Vines climb three different ways:
Twining vines, such as wisteria, honeysuckle and morning glory, twist their stems around objects as they grow upward. Most twining vines grow super fast, so they need sturdy poles, arbors or pergolas as supports. Structures clad with twining vines look great as a focal point for a raised bed or as a garden entryway.
Tendril vines, such as clematis, grapes, and passionflower, use tendrils to reach out and grab trellises, latticework or chain-link fence. Plant them at the base of anything you want to adorn-or cover up-with flowers and foliage.
Clinging vines, such English ivy, Virginia creeper, and trumpet vine, have aerial roots that stick to solid objects and can work themselves into small crevices. Clinging vines can drape a wall or side of a garage in lush foliage, creating an all-green backdrop for other plants.
A word of caution: Don't grow clinging vines on a surface that needs regular painting because they're hard to remove. And avoid planting these climbers on brick or stucco; they can cause damage when removed.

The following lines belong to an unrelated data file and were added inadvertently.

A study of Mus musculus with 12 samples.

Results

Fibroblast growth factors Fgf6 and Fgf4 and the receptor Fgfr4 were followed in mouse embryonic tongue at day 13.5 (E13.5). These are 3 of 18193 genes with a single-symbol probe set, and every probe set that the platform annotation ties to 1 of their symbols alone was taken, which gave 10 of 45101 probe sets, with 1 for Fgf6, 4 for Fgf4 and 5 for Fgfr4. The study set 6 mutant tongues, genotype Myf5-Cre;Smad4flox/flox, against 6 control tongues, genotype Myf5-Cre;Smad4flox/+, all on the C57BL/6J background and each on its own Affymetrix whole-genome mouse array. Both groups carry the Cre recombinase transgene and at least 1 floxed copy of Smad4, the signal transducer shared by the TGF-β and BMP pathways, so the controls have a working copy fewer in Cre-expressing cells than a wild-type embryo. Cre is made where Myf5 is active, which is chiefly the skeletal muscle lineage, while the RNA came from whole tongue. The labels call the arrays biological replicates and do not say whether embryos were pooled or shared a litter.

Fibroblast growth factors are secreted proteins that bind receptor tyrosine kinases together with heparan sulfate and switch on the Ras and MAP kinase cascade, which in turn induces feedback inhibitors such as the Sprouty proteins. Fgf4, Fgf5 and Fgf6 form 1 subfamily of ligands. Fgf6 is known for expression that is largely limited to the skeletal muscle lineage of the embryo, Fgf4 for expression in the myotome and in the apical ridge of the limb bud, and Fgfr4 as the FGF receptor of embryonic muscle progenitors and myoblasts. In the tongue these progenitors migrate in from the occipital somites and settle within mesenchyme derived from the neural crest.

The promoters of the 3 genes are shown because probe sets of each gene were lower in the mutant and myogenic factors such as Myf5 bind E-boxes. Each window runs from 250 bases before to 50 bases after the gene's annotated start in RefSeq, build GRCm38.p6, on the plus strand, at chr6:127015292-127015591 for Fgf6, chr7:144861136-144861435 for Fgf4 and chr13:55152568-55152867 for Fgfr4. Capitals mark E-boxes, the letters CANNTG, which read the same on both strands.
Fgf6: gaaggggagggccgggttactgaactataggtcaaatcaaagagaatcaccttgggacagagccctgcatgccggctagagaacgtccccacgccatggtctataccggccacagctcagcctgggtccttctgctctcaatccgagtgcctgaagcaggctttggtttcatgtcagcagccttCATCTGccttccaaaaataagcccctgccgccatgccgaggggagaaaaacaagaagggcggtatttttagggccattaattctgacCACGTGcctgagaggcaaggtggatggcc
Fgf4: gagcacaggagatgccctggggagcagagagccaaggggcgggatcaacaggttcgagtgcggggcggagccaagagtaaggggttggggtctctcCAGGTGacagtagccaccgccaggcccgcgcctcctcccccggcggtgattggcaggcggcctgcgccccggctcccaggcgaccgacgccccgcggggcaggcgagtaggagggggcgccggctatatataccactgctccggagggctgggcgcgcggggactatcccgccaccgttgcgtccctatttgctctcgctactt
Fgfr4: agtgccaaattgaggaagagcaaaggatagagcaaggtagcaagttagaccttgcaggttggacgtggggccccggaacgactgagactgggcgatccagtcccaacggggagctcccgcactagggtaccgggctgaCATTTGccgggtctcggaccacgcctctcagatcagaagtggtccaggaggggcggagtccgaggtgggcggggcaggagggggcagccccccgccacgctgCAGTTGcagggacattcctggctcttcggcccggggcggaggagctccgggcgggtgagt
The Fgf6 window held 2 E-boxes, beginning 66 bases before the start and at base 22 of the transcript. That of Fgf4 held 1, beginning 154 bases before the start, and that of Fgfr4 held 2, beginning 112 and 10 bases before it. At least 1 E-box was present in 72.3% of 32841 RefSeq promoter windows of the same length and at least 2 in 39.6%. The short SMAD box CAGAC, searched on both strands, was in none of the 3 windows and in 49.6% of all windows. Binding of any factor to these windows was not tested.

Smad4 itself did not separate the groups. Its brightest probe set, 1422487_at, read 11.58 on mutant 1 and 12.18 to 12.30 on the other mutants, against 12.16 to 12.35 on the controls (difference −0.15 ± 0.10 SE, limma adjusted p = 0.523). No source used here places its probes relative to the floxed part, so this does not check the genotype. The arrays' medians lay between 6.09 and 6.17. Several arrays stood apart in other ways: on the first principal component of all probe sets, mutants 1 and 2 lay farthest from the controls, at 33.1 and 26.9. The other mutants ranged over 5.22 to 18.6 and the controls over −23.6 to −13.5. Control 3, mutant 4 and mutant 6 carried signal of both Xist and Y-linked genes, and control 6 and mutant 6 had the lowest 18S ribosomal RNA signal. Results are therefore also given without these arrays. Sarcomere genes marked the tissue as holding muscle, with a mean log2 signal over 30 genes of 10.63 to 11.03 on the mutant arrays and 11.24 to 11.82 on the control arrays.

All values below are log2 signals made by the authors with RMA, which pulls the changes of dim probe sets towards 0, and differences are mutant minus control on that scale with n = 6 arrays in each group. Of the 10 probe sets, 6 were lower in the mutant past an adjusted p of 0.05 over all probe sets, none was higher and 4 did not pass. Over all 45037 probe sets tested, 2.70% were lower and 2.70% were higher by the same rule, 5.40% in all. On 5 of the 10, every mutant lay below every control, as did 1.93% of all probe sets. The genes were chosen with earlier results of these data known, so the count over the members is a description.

Planting vines is easy. You can grow vines from seeds or transplants. Follow the planting instructions on the seed pack or plant tag. Just make sure they have something to latch onto after they sprout.
If you're new to vines, try growing an annual vine such as morning glory, cardinal creeper or pole beans on a trellis. Or make an easy and inexpensive structure from three pieces of wood. Attach them at the top with wrapped wire or twine to make a tepee vine support.
Every landscape can use a vertical lift. Ask your Lowe's garden center expert for suggestions about which vines would do best in your yard. With the flowering and leafy talents of annual and perennial vines, your garden can scale new heights.